True Roots #3

C2L_color_chux1The science, calculation, and design that permeates parts #1 and #2 of the True Roots series is a way of seeing the world that makes me feel comfortable.  But it is not the whole story.  Theory needs experiment, culture needs doing and observation is but one perspective. There is also this.

In 1993 I moved to Minneapolis, MN from St. James, NY.  My boss made me a deal I couldn’t refuse and because I didn’t know what else to do I followed him to the University of Minnesota in the Twin Cities.  It was less than a year since my wife’s death by auto accident and I was still incessantly certain that my lab mates and I were ready to figure out how human bodies regulate food metabolism, explain it to the world, and move on to the next puzzle.

 

But I came to Minnesota with another agenda as well.  I wanted to get out from behind the bench; stop observing; participate.  Experiment with myself.  Not rats in all those cages or the purified molecules improbably suspended in exquisitely engineered tubes of precisely tempered glass.

I needed to meet a different sort of expert. Someone that knew details about all the stuff I had not yet imagined or even knew existed alongside numbers and fact.  I did not know what I wanted to do, but I knew I wanted to do something more sit Rodan-like and Think.

Then

one day I saw in the City Pages a listing that read: “Poetic Justice”.  It was an “open-mic”  in a place of which I had never heard in a part of town I had never seen.  In a glance I began to imagine all those words scribbled, typed and processed by my hand might thought of as “poetry” if you squinted just so.  The next week I put on my leather, gave the dogs a few treats, and drove fast across the tracks where I met the most perfect strangers for the very first time. I mean, they didn’t know me from shit or shinola. I could be anything myself would allow.  I felt like Schrodinger’s cat contemplating the outcome few physicists will endure. You see?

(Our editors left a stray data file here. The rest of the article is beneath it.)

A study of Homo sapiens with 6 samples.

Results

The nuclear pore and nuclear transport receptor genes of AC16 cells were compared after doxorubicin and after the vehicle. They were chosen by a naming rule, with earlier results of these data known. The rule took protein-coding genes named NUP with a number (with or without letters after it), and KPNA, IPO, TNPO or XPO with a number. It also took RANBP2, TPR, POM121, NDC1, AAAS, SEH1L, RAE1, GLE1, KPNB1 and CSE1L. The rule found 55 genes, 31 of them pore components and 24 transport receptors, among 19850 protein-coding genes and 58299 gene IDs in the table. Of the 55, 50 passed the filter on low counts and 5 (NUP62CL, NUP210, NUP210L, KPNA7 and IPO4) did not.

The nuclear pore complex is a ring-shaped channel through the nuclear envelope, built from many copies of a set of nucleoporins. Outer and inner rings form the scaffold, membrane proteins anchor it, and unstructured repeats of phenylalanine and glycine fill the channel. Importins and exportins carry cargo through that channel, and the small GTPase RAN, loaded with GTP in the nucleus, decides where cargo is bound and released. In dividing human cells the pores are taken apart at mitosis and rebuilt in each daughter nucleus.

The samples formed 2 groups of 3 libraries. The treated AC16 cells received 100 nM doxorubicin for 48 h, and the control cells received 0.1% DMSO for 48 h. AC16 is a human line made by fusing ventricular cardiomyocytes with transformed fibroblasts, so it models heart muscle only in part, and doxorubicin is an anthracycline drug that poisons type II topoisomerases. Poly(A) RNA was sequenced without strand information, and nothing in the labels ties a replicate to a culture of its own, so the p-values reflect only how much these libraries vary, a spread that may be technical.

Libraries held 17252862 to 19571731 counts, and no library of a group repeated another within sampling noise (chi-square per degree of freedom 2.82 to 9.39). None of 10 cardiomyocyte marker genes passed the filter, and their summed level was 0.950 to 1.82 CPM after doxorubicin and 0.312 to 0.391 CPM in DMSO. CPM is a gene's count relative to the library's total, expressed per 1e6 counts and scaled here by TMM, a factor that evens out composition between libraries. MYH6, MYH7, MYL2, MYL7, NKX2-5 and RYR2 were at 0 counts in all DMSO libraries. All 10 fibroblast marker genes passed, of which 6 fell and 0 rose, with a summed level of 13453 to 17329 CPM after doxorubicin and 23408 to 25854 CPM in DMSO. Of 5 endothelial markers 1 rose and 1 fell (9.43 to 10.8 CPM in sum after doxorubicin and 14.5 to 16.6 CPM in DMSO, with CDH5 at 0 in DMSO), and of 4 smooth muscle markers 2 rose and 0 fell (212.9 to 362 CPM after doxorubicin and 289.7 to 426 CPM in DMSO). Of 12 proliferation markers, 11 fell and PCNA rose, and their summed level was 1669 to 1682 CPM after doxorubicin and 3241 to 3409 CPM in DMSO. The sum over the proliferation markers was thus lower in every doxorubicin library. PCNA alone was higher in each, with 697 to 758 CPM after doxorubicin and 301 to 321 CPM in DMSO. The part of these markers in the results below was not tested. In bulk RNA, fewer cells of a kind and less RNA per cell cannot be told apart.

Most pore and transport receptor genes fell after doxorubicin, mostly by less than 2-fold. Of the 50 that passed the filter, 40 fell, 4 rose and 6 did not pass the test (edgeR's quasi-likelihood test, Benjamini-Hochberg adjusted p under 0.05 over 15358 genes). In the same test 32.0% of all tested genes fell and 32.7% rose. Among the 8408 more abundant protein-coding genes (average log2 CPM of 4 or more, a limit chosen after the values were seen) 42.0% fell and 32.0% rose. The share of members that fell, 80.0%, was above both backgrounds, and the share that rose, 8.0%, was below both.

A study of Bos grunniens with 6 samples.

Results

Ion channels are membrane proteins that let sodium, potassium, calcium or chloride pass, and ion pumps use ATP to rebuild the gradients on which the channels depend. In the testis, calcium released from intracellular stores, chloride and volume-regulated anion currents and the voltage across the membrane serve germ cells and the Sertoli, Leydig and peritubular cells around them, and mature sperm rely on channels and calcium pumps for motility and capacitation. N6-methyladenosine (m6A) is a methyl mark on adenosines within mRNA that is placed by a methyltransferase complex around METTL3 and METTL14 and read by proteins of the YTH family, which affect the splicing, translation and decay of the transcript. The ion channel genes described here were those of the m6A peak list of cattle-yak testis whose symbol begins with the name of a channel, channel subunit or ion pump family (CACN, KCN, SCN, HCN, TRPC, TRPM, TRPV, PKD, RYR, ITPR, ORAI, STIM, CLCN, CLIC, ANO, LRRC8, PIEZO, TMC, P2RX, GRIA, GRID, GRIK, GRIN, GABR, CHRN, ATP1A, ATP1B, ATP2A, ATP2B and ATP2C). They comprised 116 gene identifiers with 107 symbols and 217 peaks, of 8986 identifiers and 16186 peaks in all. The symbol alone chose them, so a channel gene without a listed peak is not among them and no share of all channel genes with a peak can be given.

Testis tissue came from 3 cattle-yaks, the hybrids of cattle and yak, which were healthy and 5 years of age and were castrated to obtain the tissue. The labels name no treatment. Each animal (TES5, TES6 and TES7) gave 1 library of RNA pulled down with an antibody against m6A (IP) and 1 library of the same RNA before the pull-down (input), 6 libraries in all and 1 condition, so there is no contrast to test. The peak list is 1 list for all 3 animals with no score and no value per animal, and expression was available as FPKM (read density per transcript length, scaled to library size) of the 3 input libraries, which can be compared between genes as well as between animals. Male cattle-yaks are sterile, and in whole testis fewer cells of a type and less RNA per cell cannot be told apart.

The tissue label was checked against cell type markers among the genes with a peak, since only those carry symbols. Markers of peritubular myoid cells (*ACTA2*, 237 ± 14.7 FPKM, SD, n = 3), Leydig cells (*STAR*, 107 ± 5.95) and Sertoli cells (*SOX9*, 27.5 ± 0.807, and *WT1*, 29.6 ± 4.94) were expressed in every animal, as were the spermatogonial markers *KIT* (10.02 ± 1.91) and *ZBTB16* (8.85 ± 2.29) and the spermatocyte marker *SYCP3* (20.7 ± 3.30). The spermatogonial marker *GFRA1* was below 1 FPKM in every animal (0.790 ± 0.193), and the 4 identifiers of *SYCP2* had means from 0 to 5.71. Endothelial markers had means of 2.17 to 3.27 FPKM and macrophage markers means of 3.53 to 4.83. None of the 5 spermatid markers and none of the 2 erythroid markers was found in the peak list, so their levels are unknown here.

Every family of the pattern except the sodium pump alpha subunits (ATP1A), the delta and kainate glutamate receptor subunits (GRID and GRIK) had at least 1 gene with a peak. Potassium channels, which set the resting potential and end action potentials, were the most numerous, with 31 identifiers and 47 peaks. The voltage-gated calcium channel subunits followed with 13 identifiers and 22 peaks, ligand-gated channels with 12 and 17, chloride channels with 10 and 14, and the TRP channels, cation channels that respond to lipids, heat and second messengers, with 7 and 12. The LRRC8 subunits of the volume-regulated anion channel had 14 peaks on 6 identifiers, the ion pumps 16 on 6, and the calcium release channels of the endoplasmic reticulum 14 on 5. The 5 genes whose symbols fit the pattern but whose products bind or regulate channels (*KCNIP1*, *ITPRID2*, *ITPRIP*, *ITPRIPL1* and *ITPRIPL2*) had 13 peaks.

Perhaps it is the Cat that decides shred their box from within or to confuse us with death. This was not about scientists predicting tomorrow or modeling the past by objective observation of statistical truths. It was about feeling and the choice to become or be gone.


A few years later the open mic moved to downtown MPLS, become “Voices from the Well”, and I was a regular because it felt like home.  At least the bar served Bass Ale and a local beer, too – Summit Extra Pale Ale – that was often better than the Bass.  Eventually, I was co-hosting with LeNor Barry, meeting a lost Lamas, and listening to Chris Shillock deliver his poems with the deft certitude of a practiced predator and the sweet grace of mindful human.  Terry Folz, Laura Winton, Jeff Jasin, Lyle, Jim, Liam, Kamp, Andrew, David, Sharon and so many other name not posted. It is among these people that I was able to regain my footing and begin to see myself walking forward; moving on to the next puzzle.

On July 19 this story comes full circle when I return to these roots and respect how they’ve grown. This is where my part of Crafted to Last comes from and it is distinct from those of the beer people in the film and their fans. My goal is to bring these together because I think that is how cultures are formed.